The Inquiry Science Institute has just completed a second successful summer program with over 60 teachers participating in either Introduction to Inquiry (for those new to their school’s iTEAM or who were unable to attend last summer) or Advanced Inquiry.
We asked the Advanced Inquiry teachers, “What have you done differently as a result of last summer’s program.” What follows is, in their own words, what several of our fantastic iTEAM teachers have done differently.
“My entire approach to teaching has changed as a result of last summer’s program. Now I am a facilitator of learning, where I provide opportunities for students to practice science. Gradually throughout the year, I released the learning responsibility to the students. Instead of sticking to ‘cookbook’ labs and activities, I allowed students to explore and investigate questions that they created. By the end of the year, students were designing their own controlled experiments, recording and analyzing data, and drawing conclusions. I also added science journals, used Project WET lessons, and covered additional topics compared to the previous year.” (Tina Frum, Kohn Elementary)
“I’m letting the kids make mistakes and ask questions – I became a facilitator. They researched and inquired about things. For instance: They would ask questions about the effects of different size wheels on a car. I would say, ‘I don’t know, try it – do some tests.’ It was so much fun, watching them.” (Humberto Rodriguez, Tonti Elementary)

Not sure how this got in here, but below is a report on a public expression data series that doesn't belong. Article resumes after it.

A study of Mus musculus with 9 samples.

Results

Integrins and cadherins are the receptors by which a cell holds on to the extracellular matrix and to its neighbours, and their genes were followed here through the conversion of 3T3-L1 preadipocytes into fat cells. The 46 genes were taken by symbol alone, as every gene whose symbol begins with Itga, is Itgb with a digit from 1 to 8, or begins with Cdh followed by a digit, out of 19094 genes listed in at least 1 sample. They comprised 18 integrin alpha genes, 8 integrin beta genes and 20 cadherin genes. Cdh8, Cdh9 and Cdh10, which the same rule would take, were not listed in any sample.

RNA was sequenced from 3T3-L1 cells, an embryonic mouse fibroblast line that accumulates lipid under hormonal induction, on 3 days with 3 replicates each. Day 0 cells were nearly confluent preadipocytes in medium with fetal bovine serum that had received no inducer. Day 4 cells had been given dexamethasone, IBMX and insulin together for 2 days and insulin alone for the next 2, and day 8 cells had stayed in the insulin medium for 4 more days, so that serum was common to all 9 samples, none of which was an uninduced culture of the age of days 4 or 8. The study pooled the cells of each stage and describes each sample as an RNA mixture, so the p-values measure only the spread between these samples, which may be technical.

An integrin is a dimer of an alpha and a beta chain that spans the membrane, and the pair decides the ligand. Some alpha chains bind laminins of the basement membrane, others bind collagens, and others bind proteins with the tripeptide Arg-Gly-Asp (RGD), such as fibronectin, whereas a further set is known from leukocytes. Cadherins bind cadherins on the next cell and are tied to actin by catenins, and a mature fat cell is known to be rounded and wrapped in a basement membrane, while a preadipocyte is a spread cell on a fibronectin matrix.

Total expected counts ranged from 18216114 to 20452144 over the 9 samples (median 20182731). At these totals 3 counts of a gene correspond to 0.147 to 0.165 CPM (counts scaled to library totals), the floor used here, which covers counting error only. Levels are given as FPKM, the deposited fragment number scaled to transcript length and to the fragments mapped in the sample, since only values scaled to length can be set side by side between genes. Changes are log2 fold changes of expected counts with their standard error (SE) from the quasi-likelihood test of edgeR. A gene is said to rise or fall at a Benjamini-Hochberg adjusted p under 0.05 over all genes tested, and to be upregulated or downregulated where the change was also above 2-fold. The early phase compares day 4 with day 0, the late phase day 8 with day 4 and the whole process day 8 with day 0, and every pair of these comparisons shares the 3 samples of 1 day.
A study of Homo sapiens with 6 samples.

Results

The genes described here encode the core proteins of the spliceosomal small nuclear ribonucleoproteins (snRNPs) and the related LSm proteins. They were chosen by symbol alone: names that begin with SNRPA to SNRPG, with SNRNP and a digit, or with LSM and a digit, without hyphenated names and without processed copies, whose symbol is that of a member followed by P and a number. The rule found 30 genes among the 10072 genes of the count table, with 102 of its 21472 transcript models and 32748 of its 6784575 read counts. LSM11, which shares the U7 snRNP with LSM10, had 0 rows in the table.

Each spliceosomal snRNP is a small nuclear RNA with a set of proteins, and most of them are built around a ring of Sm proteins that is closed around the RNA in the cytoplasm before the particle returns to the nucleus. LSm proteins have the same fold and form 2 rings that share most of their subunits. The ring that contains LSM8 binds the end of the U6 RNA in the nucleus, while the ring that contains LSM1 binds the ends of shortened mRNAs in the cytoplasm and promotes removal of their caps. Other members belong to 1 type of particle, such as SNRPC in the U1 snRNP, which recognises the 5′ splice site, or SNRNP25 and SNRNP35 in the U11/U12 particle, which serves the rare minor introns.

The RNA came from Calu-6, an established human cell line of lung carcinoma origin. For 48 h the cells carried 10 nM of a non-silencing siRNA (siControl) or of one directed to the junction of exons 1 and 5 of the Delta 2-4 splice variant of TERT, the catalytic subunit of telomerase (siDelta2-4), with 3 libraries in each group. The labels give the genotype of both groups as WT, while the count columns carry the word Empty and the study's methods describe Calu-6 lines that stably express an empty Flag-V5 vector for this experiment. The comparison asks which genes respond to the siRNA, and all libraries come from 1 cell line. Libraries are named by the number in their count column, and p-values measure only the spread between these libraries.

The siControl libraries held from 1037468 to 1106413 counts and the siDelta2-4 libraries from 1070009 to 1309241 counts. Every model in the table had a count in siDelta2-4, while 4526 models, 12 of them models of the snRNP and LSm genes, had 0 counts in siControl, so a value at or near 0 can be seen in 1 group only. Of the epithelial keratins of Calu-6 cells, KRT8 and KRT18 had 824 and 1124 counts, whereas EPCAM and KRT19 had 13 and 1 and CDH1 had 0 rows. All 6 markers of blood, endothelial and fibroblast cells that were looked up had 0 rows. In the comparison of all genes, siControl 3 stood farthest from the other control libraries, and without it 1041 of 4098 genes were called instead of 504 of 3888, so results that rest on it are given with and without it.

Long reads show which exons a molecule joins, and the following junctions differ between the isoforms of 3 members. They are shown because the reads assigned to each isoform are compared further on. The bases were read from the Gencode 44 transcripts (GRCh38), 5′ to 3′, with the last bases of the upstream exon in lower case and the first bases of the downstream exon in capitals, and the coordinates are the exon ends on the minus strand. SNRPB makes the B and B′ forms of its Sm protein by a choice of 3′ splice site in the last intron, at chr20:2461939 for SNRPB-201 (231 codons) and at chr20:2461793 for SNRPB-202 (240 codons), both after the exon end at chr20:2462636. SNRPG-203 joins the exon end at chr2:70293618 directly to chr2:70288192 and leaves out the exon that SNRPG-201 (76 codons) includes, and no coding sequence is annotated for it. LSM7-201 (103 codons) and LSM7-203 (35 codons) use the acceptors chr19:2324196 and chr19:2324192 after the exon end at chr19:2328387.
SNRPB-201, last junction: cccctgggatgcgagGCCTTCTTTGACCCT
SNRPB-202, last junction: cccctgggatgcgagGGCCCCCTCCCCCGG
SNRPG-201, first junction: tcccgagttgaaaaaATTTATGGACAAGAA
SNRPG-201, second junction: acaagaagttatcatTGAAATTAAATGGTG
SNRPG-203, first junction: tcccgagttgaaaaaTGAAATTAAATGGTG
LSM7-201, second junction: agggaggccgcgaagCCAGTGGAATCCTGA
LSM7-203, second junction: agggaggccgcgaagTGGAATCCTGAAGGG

“I have allowed my student to explore more. I have given them less direction and more opportunities to make their own scientific discoveries. I have developed focus questions for each investigation or I have helped my students form the focus question. I have focused more on the process to getting the ‘answers’ in science. I also believe my students understand there is usually more than one answer and sometimes we may not know the exact answer or solution.” (Erin Roberts, Pershing East, Kindergarten)
“I have had students collect their data and when summarizing or writing reports use the data as the evidence to support their findings. Also when reading in the content area of science, students were to make sure to connect the evidence with their assigned writing task.” (Marva Anyanwu, Green Elementary)
“I have used science journals and learned to step back to allow the students to lead, and for me to facilitate . . . not giving all the answers.” (Rachel Sarauw, Langford Elementary)
iTEAM teachers range in experience from a second year teacher to a teacher with over thirty years in the classroom, but each has incorporated new ways of teaching into her or his classroom practice.
As one of our teachers said this summer, “The most important thing about inquiry is it gets students involved in their own learning.” Teachers too!
What will you do differently this year in your classroom?